A visit to the Philippines is never complete without walking through its museums and experiencing the country’s rich history and heritage first hand. As a country colonized by Spanish, American and Japanese powers in the past, the Philippines holds a vast collection of artifacts and art related to these years plus a dozen other things that show what it is like to live in these wonderful islands. Take a tour through any one of these museums or visit them all to witness Filipino courage, creativity and religious devotion.
The National Museum is the main repository of the Philippine’s cultural and natural heritage, making it one of the most sought-after museums for history buffs. The imposing structure on Padre Burgos Street welcomes thousands, if not millions, of visitors every year. It houses valued artifacts and artworks by famous Filipino artists like Juan Luna’s Spolarium. The museum is also home to national treasures including those recovered from the San Diego, a Spanish Galleon that sunk during the year 1600.
Admission to the National Museum’s galleries is cheap at P100 for the Museum of the Filipino People and P50 for the Planetarium. Special rates apply for senior citizens, students and groups. Entrance to the museum is free of charge during Sundays.
Considered as the country’s first world-class science museum, The Mind Museum is a perfect playground for kids age 6 to 96. It is situated in one of Metro Manila’s most developed areas, Bonifacio Global City and stands proud with its ultra-modern architectural design. The Mind Museum has five galleries that visitors are expected to explore within three hours. With all the interactive exhibits, it is going to be hard to squeeze everything during the given time!
Visitors are greeted by Aedi, a robot whose name is “idea” spelled backwards. At the center of the museum is the Hall of Philippine Science which features scientists from all over the world. The museum’s first level is occupied by four main galleries: The Atom Gallery, The Life Gallery, The Earth Gallery and The Universe Gallery. All these galleries include interactive and interesting exhibits like the Shadow Box, Stan the T.rex and even a fossilized dinosaur poop. The second floor is occupied by the Technology Gallery which is patrolled by an obstacle-avoiding robot named MIMO. This gallery features a laser harp, night vision goggles and a Timezone arcade, among others.
Tickets to the Mind Museum costs P650 for adults, P450 for children and private school students and P150 for public school students and teacher with valid IDs. An all-day pass costs P750.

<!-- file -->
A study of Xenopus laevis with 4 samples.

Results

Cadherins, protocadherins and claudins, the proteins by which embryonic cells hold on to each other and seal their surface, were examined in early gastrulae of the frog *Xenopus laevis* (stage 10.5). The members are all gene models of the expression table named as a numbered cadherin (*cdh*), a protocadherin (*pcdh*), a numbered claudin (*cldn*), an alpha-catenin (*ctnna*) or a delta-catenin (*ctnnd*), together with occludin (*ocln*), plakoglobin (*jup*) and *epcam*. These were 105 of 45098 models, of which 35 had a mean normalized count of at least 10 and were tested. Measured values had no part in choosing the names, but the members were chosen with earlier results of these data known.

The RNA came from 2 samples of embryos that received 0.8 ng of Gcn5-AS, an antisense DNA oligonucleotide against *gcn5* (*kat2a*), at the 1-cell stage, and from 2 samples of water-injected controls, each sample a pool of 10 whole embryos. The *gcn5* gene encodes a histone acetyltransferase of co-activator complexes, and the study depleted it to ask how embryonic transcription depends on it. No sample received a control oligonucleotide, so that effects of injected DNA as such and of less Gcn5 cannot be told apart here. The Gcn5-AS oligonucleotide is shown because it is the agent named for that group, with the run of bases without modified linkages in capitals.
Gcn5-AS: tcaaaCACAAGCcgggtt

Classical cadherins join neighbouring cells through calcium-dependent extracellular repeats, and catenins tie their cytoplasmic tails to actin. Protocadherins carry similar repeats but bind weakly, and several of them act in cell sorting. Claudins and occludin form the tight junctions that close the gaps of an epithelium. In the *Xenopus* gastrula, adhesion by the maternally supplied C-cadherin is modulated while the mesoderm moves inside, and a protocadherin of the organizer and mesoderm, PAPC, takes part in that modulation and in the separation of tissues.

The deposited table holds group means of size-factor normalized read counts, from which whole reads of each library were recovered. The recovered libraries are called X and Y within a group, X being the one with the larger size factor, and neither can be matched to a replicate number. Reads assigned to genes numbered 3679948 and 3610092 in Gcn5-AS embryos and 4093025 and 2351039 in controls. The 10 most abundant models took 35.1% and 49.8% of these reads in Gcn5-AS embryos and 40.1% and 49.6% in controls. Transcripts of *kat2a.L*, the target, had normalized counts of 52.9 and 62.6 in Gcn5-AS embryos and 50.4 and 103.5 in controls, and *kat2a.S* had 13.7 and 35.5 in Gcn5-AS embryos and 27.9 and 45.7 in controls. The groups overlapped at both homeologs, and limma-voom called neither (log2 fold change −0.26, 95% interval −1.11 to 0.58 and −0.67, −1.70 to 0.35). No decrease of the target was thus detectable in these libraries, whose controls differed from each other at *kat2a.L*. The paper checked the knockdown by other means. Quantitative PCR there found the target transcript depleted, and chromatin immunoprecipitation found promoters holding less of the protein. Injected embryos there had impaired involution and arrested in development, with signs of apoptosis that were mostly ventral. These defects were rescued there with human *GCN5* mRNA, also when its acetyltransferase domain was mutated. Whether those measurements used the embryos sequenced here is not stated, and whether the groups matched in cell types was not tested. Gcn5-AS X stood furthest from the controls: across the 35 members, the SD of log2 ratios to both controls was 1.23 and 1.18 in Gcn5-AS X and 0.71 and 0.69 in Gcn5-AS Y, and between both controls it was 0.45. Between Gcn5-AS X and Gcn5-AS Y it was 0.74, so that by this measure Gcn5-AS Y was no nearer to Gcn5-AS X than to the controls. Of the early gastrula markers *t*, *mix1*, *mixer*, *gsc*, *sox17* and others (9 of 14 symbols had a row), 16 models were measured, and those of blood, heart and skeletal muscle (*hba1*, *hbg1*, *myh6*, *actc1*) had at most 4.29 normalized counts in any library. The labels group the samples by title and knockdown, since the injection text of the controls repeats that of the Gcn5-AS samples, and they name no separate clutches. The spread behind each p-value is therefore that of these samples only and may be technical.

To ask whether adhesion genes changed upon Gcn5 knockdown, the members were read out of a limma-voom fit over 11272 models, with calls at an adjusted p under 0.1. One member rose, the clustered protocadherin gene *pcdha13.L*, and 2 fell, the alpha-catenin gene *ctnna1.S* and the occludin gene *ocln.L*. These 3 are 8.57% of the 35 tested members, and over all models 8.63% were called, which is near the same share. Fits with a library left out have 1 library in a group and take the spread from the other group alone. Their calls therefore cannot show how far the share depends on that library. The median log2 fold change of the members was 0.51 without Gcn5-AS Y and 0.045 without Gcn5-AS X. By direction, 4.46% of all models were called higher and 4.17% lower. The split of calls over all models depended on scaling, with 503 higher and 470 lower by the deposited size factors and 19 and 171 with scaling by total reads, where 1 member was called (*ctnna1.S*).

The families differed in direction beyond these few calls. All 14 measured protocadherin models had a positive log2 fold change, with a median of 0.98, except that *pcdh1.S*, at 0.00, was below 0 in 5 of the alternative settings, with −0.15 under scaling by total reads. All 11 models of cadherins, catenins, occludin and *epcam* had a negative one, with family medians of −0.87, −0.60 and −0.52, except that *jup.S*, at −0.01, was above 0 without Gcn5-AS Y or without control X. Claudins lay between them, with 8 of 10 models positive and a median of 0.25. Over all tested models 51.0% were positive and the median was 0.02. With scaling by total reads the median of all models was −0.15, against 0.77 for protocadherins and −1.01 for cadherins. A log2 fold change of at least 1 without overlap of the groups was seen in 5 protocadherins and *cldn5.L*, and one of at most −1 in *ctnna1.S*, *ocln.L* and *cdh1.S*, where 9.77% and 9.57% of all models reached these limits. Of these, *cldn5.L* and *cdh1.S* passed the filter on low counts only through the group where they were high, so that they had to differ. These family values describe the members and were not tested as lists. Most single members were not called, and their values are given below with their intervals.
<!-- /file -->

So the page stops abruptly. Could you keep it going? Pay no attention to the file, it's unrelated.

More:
Heading south from Metro Manila, history buffs will take delight in the exhibits displayed in Jose Rizal’s ancestral home. Rizal, hailed as the national hero, once resided with his family in Calamba before embarking on worldwide travels, making him educated enough to write books of propaganda against the Spanish colonizers of his time. His famous novel, Noli Me Tangere (Do Not Touch Me) is said to have spiked the revolution that lead to independence from the Spaniards. The Rizal Shrine contains some of the original bedrooms of the Rizal children, photographs, Spanish artifacts and the black coat worn by Jose Rizal during his execution in Bagumbayan.
There is a gift shop on the ground floor where visitors can buy copies of Rizal’s works already translated to English, some trinkets and other souvenirs. Admission is free but the Shrine welcomes donations for its upkeep.
Since Cebu City is known as the birthplace of Filipino Catholicism, it is only fitting that it dedicates a museum for showcasing this heritage. Located just a few steps from the Sto. Nino Basilica and the Cebu Metropolitan Cathedral, the Cebu Cathedral Museum is a must-see for those who are interested in knowing the roots on which the country’s widespread faith grew. The museum houses various artifacts collected from different parts of the province including the Carmen Collection, a wooden pre-Vatican II altar plated with bronze. There are also some antique images of saints whose parts were mutilated by thieves who were after the valuable ivory they were made of. The museum’s second level is filled with treasures made of gold, silver and ivory.
A guided tour of the museum and its gardens costs P50.
Fans of unconventional art will not only find an attraction but also unique accommodations in Ponce Suites, a little inn owned by Min Ponce, mother of the famous Mindanao artist Kublai Millan. Towering sculptures of different themes dot the street leading to the inn, as if asking the visitor to follow a trail that ends in a vast collection of Kublai’s works. Most sculptures depict the Bagobo Tribe in various settings. The inn itself is a barrage to the senses with different paintings, sculptures and art installations including giant ants crawling all over the low ceiling. Some visitors find Ponce Suites a bit eerie but for the art aficionado, it is a paradise. The rooftop has a restaurant serving continental cuisine and of course, more art.
Guestrooms in this inn/art gallery/museum start at P1,250 and special discounts may be given during certain periods.
The Philippines is a cornucopia of art, history, culture and religious heritage just waiting to be unearthed. With its welcoming atmosphere to back it up, visitors will soon find out that the country is a treasure chest of discoveries that will not soon be forgotten. The museums do not only house mere artifacts, science exhibits and artworks, they are also standing testimonies of Filipino courage, ingenuity, faith and creativity.
Have you visited these museums? Have a favorite that is not on the list? Tell us about it by commenting below.